San Diego Zoo Safari Park (formerly known as San Diego Wild Animal Park) is located in Escondido, California in San Diego County.
The park is 3 square miles of mountain chaparral. The natural landscape is composed of Chamise, Manzanita, Red Shank, various brush, an infinite mix of wildflower ground cover and boulders. Below the park is a fertile valley and the sprawling suburbs of Escondido.
Safari Park is divided in half with the eastern side being natural savannas and plains. The western half is composed of walking trails in a more traditional zoo setting.
Paula and I are spending a Sunday at the park to celebrate our 46th wedding anniversary. We chuckle when we see a sign advertising someone’s 10th anniversary. They will be celebrating by partying in a picnic area after hours. We will be walking 15,000 steps and going on two safaris to celebrate our anniversary.
Our first safari is called the Wildlife Safari. About 10 of us sit in the back of a covered open bed truck with our docent, Andrew. We drive through the African Plains, Asian Savanna and Condor Ridge.
Passing through the double gate entrance to the African Plains, Andrew tells us that Jurassic Park (the movie) took much of their designs from the then Wild Animal Park. Andrew insisted that the gates are much better at keeping in rhinos than they are Velociraptors.
The animals we see on the safari are diverse: one horned and two horned rhinos, giraffes, wild goats, wild cows, antelopes (such as Gemsbok and Addax), gazelles, African and Asian birds, Bighorn Sheep, Capybaras, Caracals and African wild dogs.
While we do not see the California Condors, they were there. They are bred and housed in a secluded compound so they can be introduced to the wild without prejudice toward human beings. The Condor population world wide had dropped to 22 individuals in 1982. Over the next 20 years the Wild Animal Park bred and released 200 condors. Their population in the wild now exceeds 500.
One of the most interesting animals is Kurt, the cloned Przewalski horse. For the past 40 years Przewalski horses have survived in zoos, bred from 12 now extinct wild horses. Kurt is the hope of conservation breeders to revive the lost genetic diversity of the Przewalski. The genes used to clone Kurt were cryopreserved 42 years ago. Kurt is hoped to reintroduce the strength of genetic diversity into the breed. Meanwhile, he is being taught the ins and outs of being a wild horse by a female Przewalski named Holly.
While waiting for our next safari Paula and I explore the walking park. Besides walking 15,000 steps we also climb 12 flights of stairs.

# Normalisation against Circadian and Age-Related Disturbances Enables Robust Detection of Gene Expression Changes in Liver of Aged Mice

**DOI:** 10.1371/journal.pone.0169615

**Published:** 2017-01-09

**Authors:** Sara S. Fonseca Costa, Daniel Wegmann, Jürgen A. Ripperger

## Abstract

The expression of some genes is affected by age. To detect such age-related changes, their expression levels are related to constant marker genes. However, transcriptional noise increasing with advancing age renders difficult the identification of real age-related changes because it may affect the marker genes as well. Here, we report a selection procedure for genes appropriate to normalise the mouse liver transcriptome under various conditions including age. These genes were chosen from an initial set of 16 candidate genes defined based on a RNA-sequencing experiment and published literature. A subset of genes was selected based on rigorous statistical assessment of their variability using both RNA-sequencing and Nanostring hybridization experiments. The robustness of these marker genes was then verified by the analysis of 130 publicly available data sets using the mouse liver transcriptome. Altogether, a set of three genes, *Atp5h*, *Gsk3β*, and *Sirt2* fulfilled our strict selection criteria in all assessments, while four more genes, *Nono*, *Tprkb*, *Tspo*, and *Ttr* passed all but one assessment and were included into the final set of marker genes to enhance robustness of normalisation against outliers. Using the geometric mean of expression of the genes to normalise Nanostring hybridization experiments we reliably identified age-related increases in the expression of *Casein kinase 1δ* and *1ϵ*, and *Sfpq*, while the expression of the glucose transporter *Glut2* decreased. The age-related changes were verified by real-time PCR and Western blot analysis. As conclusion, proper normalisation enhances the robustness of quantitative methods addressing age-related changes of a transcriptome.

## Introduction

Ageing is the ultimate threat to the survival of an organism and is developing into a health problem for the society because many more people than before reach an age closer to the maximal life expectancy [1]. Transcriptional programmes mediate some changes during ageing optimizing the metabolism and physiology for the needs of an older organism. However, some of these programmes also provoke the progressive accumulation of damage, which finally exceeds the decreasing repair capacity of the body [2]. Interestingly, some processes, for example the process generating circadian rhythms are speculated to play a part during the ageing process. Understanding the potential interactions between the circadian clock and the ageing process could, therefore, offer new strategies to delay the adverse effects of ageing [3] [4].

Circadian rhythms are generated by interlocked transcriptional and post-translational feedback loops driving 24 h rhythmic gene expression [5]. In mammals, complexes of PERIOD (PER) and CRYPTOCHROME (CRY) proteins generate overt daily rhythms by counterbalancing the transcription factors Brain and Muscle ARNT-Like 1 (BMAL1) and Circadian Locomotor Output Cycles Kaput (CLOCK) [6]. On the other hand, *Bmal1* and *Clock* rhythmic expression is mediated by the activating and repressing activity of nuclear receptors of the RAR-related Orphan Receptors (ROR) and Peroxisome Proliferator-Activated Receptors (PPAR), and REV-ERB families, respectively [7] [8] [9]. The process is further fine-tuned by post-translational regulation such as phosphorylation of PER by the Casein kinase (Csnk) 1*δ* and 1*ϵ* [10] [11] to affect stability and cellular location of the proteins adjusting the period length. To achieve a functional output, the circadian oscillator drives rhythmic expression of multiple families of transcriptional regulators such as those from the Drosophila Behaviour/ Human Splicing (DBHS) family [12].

The aviaries are filled with exotic birds who are happily nesting and sharing the space with each other.
The enclosures of the large animals, such as elephants, lions, monkeys, gorillas and meerkats are expansive and filled with trees and brush.
The docents are a fount of information and teach us much about the animals both inside and outside of the zoo enclosures. Many of the birds, deer and other creatures are native to the area and not residents of the zoo. They have just decided that the Safari Park is a good place to live.
The park is also a Botanical garden. There are ancient flowering plants along the walkways.
Each themed area is planted with the native plants of that region.
There is an entire section featuring bonsai that are over 800 years old.
Some of the themed areas are:
African Wetlands and Woods
and Walkabout Australia where you can walk among the Kangaroos.
Also, in Walkabout, is a Platypus exhibit. It is the only place to see Platypuses outside of Australia.
After our walkabout we check in to the Flightline Safari. It is a two part zip line.
The zip line is curated by an expert guide who assures the safety of the flights.
The first zip line is called the Fledgling Run and is a 30 second zip through the trees which maxes at 20 miles per hour. The rush toward the landing platform is halted by an ingenious braking system.
After we survive the Fledgling Run we board a safari truck for a 15 minute drive through the wild country of the park. Our guide tells us about the animals as we pass by.
The launch point of the long zip line is a platform on the top of the mountain 130 feet above the landing area. The line stretches 2/3 of a mile over the animals in the wild valley of the park. The view is breath taking.
There is a frightened boy in our group who DID NOT WANT TO FLY.
I talk to the boy, saying, “People only fear one thing… the unknown. Once you do something, it is not as scary anymore.”
Paula tells him, “When you do something that scares you, it is truly a brave thing to do.”
This strikes home with the boy and he smiles with new confidence.
After the flight, the boy is excited and talks to everyone about his flight.
When it is our turn, Paula and I are hooked up to parallel lines. We sit into the harnesses.
Our guide chants, “3 – 2 – 1 – See Ya!”
We are off!
Paula is ahead of me. I watch as she lets go of the harness, puts out her arms and flies down the line.
We are soaring at 40 miles per hour. The savanna flows under us. The rhinos look up. The trees rush under our feet. The valley stretches ahead of us in a magnificent patchwork. The wind is in our faces.
I catch up to Paula and call across to her, “Happy Anniversary!”